Do you ask your dental patients if they snore?

By Iman Sadri, DDS



When patients snore, there are usually other associated symptoms such as a scalloped tongue, where the tongue has tiny ridges on its tip because it is constantly trying to push the mandible forward. Patients may also have tori, large bony protrusions along the inside walls of the lower palate. These bony protrusions are caused by excessive calcium deposits from constant occlusal trauma — the oral cavity equivalent of bunions. Other glandular anomalies such as large uvula or tonsils can prevent adequate oxygen from entering the lungs and maintaining a healthy breathing pattern.

New science in sleep medicine, sleep dentistry, and TMJ specialties demonstrate that when a patient suffers from sleep apnea, the body will have periods of up to 10 seconds where no oxygen enters the body; the patient will gasp for air multiple times during REM sleep. In fact, the TMJ assists with this process by clenching to wake up the body during these periods of apnea, or lack of oxygen. This constant clenching during the evening is what researchers and sleep lab technicians measure to determine the relationship between bruxism and sleep apnea.

Previously, if we asked patients whether they had any soreness in their TMJ muscles in the morning and they answered yes, the common, standard treatment would be a nightguard. Patients who suffered from a "click" when their jaw opened would be referred to a TMJ specialist to "pop" the jaw back into place. However, these treatment modalities are becoming outdated for patients who suffer from sleep apnea. We need more information to give these patients the best long-term treatment options.

At our practice in Orange County, we ask all of our patients to fill out a questionnaire with simple yes or no questions relating to their sleep habits. If they score a 10 or higher on the questionnaire, we have our local sleep lab send them a pulse oximeter, which measures nocturnal oxygen level. If the pulse-ox reading is below the threshold for adequate oxygen levels, we have the patient participate in a nighttime sleep study. Once patients understand the importance of this study and how sleep apnea can be fatal if left untreated, they are usually more eager to participate. In most cases, the suffering spouse or partner urges them to do something about their snoring. If the sleep study proves that the patient is indeed suffering from severe sleep apnea, he or she is treated with a CPAP machine and then goes under the care of an ENT physician. However, if the patient suffers from moderate sleep apnea, he or she will come back to our dental office to be fitted with a custom sleep appliance.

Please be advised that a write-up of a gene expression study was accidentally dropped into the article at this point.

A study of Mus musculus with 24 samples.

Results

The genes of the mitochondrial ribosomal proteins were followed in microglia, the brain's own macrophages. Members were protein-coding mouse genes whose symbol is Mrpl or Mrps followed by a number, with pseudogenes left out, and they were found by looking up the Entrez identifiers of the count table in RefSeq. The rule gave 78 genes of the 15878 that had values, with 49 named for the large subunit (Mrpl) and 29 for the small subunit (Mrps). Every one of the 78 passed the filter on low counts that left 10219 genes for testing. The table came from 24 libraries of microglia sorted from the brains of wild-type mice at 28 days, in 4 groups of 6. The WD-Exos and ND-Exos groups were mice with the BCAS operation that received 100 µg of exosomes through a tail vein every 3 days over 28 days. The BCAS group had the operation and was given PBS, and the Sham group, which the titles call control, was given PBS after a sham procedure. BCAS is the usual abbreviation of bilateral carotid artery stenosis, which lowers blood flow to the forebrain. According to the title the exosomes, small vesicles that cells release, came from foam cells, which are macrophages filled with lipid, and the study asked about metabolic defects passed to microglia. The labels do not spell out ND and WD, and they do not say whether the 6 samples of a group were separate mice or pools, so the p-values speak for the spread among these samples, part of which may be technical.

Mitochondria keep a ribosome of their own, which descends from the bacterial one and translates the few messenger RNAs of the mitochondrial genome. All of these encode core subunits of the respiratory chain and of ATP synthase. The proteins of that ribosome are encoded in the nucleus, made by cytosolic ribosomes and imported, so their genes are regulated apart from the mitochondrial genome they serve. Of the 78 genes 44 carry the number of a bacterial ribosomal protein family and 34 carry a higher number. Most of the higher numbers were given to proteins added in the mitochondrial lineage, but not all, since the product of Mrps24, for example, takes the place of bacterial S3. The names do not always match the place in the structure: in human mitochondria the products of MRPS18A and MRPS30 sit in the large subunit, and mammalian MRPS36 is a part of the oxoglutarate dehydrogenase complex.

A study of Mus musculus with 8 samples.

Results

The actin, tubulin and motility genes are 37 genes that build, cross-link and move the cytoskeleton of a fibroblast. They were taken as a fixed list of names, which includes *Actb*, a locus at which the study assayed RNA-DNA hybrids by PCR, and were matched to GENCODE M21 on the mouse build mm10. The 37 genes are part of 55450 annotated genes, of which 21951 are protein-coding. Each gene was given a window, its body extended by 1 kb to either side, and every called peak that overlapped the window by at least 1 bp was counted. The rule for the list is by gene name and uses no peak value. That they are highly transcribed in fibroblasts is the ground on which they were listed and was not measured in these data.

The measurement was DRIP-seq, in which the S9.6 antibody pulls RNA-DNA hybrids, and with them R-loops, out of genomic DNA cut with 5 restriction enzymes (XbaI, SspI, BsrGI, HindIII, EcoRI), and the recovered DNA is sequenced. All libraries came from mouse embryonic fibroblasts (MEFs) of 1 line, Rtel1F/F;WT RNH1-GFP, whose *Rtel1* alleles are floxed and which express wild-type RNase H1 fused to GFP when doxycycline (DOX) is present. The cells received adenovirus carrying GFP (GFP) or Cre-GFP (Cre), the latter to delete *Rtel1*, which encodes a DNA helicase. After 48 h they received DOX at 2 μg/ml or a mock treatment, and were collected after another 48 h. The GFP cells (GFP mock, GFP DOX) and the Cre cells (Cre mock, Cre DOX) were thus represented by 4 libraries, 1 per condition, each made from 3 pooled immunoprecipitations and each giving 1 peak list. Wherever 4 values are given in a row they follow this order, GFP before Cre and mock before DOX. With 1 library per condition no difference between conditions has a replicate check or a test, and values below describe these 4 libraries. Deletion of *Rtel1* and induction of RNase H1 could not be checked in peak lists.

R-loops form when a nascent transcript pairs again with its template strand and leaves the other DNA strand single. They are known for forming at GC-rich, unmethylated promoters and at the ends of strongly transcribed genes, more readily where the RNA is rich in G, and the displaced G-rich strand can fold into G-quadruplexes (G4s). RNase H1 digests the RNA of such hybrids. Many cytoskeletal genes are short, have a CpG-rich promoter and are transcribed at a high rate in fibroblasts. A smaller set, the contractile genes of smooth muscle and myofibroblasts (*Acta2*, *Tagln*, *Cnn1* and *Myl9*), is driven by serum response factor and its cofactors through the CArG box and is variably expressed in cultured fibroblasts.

Patients routinely ask how a custom-fitted sleep appliance is different than a mouthguard, and the answer lies in the position of the mandible. Nightguards are only good for preventing the top teeth from forcefully occluding with the bottom teeth; they don't position the lower jaw forward to allow more air to enter. A custom-fitted sleep appliance is a device that has a top part and a bottom part, locked into place. Its unique placement allows the lower jaw to be moved forward to allow more air to enter the oral cavity. This device prevents the tongue from forcing the jaw forward, avoids scalloping, and ultimately prevents forceful occlusion and TMJ pain.

So now, in addition to asking your patients how often they brush and floss, be prepared to ask how often they snore.

Iman Sadri, DDS Dr. Iman Sadri is founder of Concierge Smiles in Orange County, Calif. He is a 2008 graduate of the New York University College of Dentistry. 





Make sure the tab identifier is visable (e.g. A2, C4, etc).  Make sure the tab is held at a similar orientation as the teeth of interest so that the light plays off of it similarly.  Take a few photographs under different lights and not just your treatment room.

The orientation of the shade tab is a bit off, thus giving us a reflection that is not present on the teeth of interest.  This photo isn't terrible, but we lose an opportunity communicate some information to the lab.
The orientation of the shade tab is a bit off, thus giving us a reflection that is not present on the teeth of interest. This photo isn’t terrible, but we lose an opportunity communicate some information to the lab.

These photos are more accurate.  We have good orientation of the tabs, we can see the tab identifiers, and the lab has two photos for comparison.
These photos are more accurate. We have good orientation of the tabs, we can see the tab identifiers, and the lab has two photos for comparison.

(4) There’s more than just shade to communicate

But of course we’re not ONLY interested in communicating shade, are we?  There is also characterization and texture; what are the nuances of how the shade is distributed on the surfaces and what tiny lumps and bumps are to be found?  For these bits I like to take an extreme close-up photo, which can really only be done with a camera with a proper macro lens.  This can be separate from your shade tab photos so you’ll have a free hand to use a cool toy like a contrastor.